Sometimes a beautiful location is as far as a restaurant gets when it sets up shop. Often it's in a tourist location, relying on the view to pull in customers, not needing to build a base of regulars. Trafford certainly is a nice spot, letting diners watch boats passing through an inlet on the Warren waterfront. Fortunately, the proprietors are keeping their eyes in the other direction — on the kitchen.
And wise eyes they are. Bill and Marguerite Kane have made Marguerite's in Westport, Massachusetts, a talked-about destination. Then Marguerite's begat Trafford. Literally. Their son Trafford, who has developed his own culinary chops, is in charge of the kitchen here. He takes things seriously. On the restaurant's website, he declares that he wants to make his diners passionate about food. And he's not just talking raw oysters.
The view is interesting inside as well. Designer Alyn Carlson has used wood for eye appeal and also as a metaphor for naturalness and creativity. Thick plank tables array contrasting woods, such as cedar and knotty pine, piquing our attention.
Although the place isn't painted green, it makes a big point of being so, from the menus using recycled paper to at least one small wall sculpture employing scrap wood. A menu page titled "We're Fresh" notes that they serve natural Kurobuta pork from a farm in Idaho, sustainable beef from the Northwest, and both needs from P.T. Farms in Vermont. Evidently, quality is being assured, but the proud declarations are also a reminder that local sources are not being used.
The wine list is short, less than two dozen whites and reds all available by the glass ($8-$16), ranging from the appreciated familiar ones we chose — Oyster Bay Sauvignon Blanc and Cupcake Chardonnay — to real splurges, such as that $16 pour of Obsidian Ridge Cabernet Sauvignon.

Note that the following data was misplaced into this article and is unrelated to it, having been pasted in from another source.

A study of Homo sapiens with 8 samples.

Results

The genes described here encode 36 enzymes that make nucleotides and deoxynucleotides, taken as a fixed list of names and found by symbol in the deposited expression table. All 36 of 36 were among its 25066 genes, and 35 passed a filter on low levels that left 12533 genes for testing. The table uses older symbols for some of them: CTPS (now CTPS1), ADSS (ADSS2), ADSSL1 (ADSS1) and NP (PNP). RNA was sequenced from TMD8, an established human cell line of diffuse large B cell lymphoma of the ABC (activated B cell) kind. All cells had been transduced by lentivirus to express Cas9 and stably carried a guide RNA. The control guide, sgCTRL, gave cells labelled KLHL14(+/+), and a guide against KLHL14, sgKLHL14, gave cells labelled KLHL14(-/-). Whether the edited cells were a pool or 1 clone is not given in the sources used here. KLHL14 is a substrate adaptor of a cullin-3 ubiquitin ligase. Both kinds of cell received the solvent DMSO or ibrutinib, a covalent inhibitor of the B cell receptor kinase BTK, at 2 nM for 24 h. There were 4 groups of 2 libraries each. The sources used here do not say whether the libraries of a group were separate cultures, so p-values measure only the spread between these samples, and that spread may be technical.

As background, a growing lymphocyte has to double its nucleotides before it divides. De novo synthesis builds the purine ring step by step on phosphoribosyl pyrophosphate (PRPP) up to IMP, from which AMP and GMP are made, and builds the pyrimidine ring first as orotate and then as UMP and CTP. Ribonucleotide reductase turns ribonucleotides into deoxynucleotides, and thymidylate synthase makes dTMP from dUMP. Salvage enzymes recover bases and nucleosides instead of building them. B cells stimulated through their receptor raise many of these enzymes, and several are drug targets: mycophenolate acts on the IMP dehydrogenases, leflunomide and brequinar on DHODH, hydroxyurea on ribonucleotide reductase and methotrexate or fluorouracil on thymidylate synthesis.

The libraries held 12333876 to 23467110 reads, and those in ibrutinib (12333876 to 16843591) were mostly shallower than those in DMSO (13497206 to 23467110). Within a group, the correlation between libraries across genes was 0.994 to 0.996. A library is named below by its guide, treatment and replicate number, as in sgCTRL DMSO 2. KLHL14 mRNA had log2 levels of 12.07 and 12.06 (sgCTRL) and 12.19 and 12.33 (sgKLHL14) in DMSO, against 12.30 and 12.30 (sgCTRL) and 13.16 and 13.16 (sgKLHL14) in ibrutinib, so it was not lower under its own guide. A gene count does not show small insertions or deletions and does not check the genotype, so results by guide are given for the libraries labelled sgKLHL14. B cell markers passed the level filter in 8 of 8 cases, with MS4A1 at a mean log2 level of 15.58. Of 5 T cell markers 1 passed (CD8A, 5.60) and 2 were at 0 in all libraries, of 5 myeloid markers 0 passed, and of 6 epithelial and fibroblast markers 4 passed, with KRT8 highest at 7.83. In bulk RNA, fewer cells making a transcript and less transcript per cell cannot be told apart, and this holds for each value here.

The lunch menu, which is available throughout the day, has enough interesting items to assemble a little tapas array for dinner; as well as the usual raw bar selections and wood-grilled shrimp, you can get Chardonnay-poached lobster (dinner only). A couple of the starters I saw passing by were huge: a lump crab cake topped with a tomato slice ($11), and a fist-sized stuffed quahog ($5). Offered among the salads is a wood-grilled vegetable antipasto ($11), with goat cheese and a basil and cumin dressing. We had the lobster and corn fritters ($11). There was a chili aioli, lightly spicy, drizzled on top, and a red pepper coulis on the side, plus pieces of whole corn inside as well as more lobster than I'm used to getting clams in clam cakes. Pretty good.
The dinner items are divided into "Water," "Land," and "Air." The latter seems to indicate that the listed chicken dishes employ some variety of super-poultry that can fly. Lucky for us, they don't seem to be overly athletic, because the rosemary breaded chicken ($16) wasn't at all tough and muscular: two cutlets thick enough to remain quite juicy, topped with diced shallots and slices of peach — fresh peach — and zinfandel wine sauce, atop almond rice that appreciated the juices.